Part lighthearted comedy, part sci-fi mystery, and part good old-fashioned adventure. Mix all those genres together and you get a solid description of Kenta Shinohara’s Astra Lost in Space, published by Viz Media. The series’s last few installments have impressed me greatly, and Vol. 4 is out this week. It collects chapters 29-37, in which the crew of the titular Astra encounter more twists and turns than ever before. This is a volume that shakes things up just to further rock the already upturned foundation. The book’s official synopsis reads:
After crashing on planet Icriss, all seems hopeless for the crew of the Astra. That is, until they discover another Astra hidden on the planet. And thereʼs a woman in cryogenic sleep inside! Will this new Astra be the ark that saves group B-5 from their despair?
This volume is very successful when it comes to its plot twists. I didn’t see any of them coming prior to their being revealed, save for the last one which is built up briefly by a character’s panicked suspicions. None of these twists seem forced; rather, each one furthers the series’s lore in ways that make sense and are engaging to read. I previously alluded to the series’s foundation being shaken, but it might be more accurate to say that it gets dramatically fleshed out. New pieces of information are introduced periodically that recontextualize past events, adding narrative weight to scenes that had already felt important on first readings. As a result, Shinohara pulls off the best kind of twists: ones that make the work’s events feel more important instead of unreliable and thus inconsequential.
Shinohara also does a good job developing the characters in this volume. Their personalities are consistent with their past depictions, and they react to unexpected setbacks in ways that make sense given said prior characterization. The group members’ dynamics continue to be a source of comedy, although the humor’s quality is somewhat inconsistent. There are plenty of laughs to be had here, but some of the jokes between Zach and Quitterie fall flat. Their relationship is the subject of one of the twists, and it’s the only twist that feels needless. It’s not outright bad, but it doesn’t contribute much to the plot or either character.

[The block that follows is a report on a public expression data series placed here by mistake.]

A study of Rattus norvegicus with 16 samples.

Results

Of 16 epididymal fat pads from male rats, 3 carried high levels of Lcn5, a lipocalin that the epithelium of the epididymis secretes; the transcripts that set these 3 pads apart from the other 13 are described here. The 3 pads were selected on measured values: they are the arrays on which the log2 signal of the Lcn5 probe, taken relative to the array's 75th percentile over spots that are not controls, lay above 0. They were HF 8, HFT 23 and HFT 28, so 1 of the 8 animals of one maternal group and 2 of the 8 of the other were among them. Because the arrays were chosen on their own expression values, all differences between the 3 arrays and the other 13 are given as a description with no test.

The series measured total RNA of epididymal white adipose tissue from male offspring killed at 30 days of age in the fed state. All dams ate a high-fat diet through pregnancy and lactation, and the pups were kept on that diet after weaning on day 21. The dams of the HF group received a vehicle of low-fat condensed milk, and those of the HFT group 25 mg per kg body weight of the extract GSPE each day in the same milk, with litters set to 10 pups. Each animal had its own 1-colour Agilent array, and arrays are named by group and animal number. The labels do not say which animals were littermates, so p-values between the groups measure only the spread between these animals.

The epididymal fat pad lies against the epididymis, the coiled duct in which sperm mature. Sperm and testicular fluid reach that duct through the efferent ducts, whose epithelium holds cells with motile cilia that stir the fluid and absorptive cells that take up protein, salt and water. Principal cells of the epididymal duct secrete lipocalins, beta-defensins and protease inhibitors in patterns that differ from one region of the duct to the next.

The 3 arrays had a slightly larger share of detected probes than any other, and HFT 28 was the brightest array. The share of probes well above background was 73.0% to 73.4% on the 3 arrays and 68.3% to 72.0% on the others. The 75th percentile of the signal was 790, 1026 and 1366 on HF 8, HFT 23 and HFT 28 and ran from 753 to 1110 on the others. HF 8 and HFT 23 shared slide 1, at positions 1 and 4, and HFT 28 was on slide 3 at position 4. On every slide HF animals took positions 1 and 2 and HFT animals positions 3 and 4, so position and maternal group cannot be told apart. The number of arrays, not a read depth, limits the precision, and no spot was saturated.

Art-wise, this volume is solid. Most of the line-work is quite clean as usual, and Shinohara is good about not overloading panels with too many details. The characters continue to be joyously animated; there’s not an awkwardly stiff moment in the entire book. The fauna on planet Icriss also have cool designs, although it would have been nice to see more of them.
My main complaint with the art here is just that some backgrounds get a bit monotone. There are points when different objects in the backgrounds are all rendered with similarly dark values, causing them to blend together a bit too much. It’s never too big of a deal, though. To be honest I’m just splitting hairs at this point.
Overall, Astra Lost in Space Vol. 4 is yet another enjoyable installment in the series. The characters’ dynamics are solid, the art is clean and full of life, and the plot moves forward in unexpected but engaging ways. There’s plot twist after plot twist, but they’re plot twists done right. If you like shonen and/or sci-fi series with a heaping helping of mystery then this manga is well worth checking out.
Like what we do here at AIPT? Consider supporting us and independent comics journalism by becoming a patron today! In addition to our sincere thanks, you can browse AIPT ad-free, gain access to our vibrant Discord community of patrons and staff members, get trade paperbacks sent to your house every month, and a lot more. Click the button below to get started!